Jackson briefs reporters about Trump's health. Photo: Nicholas Kamm/AFP/Getty Images
President Trump (finally) fired Veterans Affairs secretary David Shulkin yesterday, announcing on Twitter that he would nominate Ronny Jackson — the White House physician who you may remember briefed us on TV about Trump's "incredibly good genes" — to take over the agency.
What they're saying: Jackson was a surprise choice, so Washington is still getting its bearings, but expect two big questions to come up as Jackson advances:
1. Can he lead this big an organization? He never has before, and the VA has both a big budget and a lot of problems.
2. Will he support privatizing more of the VA? This is a big priority for conservatives, including the powerful Koch brothers. And while Shulkin's travel expenses and general internal strife grabbed a lot of the headlines, his tepid support for privatization was also part of the case against him.
How Trump made the decision, according to the Post:
Think you’re getting stuck with bigger bills for your routine medical costs? You might want to look at this chart, based on research from the Medicare Payment Advisory Commission. It shows that, back in 1976, our disco-dancing ancestors paid a way bigger share of own their health care costs than we do today.
Between the lines: Out-of-pocket spending is mainly declining because health coverage has gotten more comprehensive.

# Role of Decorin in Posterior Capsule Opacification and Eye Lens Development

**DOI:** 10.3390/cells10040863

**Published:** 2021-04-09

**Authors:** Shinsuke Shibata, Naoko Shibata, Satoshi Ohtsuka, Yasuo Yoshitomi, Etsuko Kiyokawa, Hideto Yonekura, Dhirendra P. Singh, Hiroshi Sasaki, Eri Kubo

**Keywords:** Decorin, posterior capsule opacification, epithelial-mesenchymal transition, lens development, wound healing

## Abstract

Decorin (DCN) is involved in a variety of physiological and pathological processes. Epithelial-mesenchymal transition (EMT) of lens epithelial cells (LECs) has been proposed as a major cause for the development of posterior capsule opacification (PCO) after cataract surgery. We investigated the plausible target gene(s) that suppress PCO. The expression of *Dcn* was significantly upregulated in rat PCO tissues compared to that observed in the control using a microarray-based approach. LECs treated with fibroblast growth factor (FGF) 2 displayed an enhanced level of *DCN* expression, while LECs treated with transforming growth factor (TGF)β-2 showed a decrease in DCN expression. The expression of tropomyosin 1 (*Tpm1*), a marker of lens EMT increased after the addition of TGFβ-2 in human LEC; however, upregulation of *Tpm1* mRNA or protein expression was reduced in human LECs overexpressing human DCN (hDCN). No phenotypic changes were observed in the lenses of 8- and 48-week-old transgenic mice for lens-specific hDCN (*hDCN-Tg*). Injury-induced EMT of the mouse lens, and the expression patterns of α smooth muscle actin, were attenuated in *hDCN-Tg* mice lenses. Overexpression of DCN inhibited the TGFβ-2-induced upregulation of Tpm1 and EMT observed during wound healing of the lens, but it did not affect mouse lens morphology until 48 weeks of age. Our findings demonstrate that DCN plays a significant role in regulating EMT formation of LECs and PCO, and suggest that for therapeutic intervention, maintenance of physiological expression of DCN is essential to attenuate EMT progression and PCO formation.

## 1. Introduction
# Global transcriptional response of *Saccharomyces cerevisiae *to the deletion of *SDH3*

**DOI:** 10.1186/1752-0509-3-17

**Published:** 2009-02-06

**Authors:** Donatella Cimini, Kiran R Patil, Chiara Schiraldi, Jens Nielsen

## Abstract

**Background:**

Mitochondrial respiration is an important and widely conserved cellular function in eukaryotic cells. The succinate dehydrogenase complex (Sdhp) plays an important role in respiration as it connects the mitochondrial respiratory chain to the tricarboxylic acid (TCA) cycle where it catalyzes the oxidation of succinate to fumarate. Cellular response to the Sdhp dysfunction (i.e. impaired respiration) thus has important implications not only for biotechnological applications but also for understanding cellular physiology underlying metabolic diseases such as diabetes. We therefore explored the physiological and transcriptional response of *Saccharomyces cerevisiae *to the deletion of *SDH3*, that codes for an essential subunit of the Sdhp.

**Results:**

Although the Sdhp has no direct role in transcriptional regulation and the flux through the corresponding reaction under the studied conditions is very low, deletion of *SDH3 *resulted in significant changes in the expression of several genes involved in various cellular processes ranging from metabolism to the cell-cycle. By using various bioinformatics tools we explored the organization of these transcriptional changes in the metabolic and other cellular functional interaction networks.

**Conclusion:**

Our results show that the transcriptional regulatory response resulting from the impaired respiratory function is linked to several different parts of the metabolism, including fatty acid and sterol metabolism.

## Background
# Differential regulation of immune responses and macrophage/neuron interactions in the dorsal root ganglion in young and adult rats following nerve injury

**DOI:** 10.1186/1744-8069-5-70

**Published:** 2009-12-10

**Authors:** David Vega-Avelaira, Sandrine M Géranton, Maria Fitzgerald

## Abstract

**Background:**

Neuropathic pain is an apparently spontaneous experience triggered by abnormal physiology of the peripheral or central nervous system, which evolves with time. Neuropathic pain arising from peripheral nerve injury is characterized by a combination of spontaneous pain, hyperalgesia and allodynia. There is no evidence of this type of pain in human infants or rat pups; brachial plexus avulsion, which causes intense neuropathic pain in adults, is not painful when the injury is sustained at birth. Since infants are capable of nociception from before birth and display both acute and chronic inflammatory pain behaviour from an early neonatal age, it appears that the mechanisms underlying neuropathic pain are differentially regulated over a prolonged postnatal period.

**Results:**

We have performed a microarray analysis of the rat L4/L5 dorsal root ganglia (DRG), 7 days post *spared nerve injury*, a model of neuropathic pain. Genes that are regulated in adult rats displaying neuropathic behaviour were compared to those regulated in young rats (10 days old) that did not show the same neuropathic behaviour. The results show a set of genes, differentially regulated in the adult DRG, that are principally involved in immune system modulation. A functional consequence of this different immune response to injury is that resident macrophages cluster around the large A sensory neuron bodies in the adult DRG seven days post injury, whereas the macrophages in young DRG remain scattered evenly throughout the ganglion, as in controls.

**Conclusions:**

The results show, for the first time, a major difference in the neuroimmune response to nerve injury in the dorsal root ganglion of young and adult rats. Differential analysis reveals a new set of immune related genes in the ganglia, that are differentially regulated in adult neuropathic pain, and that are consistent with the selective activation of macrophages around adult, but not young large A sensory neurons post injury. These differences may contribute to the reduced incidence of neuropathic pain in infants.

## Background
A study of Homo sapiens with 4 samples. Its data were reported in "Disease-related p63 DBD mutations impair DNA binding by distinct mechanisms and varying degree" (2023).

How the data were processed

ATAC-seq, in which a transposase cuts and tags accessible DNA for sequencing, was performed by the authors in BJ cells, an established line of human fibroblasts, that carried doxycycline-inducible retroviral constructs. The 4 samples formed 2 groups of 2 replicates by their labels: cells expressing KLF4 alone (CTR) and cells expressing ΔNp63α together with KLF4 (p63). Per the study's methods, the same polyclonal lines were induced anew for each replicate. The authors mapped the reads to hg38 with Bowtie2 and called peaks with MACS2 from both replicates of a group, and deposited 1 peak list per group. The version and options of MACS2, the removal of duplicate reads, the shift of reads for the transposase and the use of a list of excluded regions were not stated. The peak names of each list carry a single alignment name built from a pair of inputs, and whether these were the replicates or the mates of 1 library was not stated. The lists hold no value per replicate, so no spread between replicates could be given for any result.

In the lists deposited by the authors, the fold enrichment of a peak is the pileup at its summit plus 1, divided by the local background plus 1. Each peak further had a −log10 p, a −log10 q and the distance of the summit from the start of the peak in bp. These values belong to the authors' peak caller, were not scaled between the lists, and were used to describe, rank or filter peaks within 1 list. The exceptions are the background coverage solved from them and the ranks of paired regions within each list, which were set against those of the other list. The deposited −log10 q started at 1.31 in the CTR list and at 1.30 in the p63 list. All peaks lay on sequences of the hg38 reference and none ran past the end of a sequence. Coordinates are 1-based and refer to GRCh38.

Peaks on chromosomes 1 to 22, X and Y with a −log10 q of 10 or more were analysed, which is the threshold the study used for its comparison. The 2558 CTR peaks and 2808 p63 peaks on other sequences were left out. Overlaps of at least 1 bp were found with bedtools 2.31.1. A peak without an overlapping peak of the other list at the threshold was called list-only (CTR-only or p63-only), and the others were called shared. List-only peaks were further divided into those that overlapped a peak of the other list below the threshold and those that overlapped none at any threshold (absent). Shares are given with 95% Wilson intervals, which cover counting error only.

Yes, but: Out-of-pocket costs don’t include premiums, so it’s possible that we’re just paying for our health care in other ways.
It's not just a feeling — health care mergers really are on an enormous tear right now.
The details, per Bloomberg:
Health insurance startup Oscar announced Tuesday that it had raised another round of venture funding — and said in the process that it turned an "underwriting profit" in 2017. Axios' Bob Herman took a closer look at the company's finances and has some important context for that claim.
Behind the numbers: To calculate its underwriting profit, Oscar took its premium revenues, subtracted out its medical claims and administrative expenses, and then added in reinsurance funding.
The bottom line: Plenty of startups are unprofitable as they make investments in technology and elsewhere — but Oscar has to find a path to profitability somewhat soon.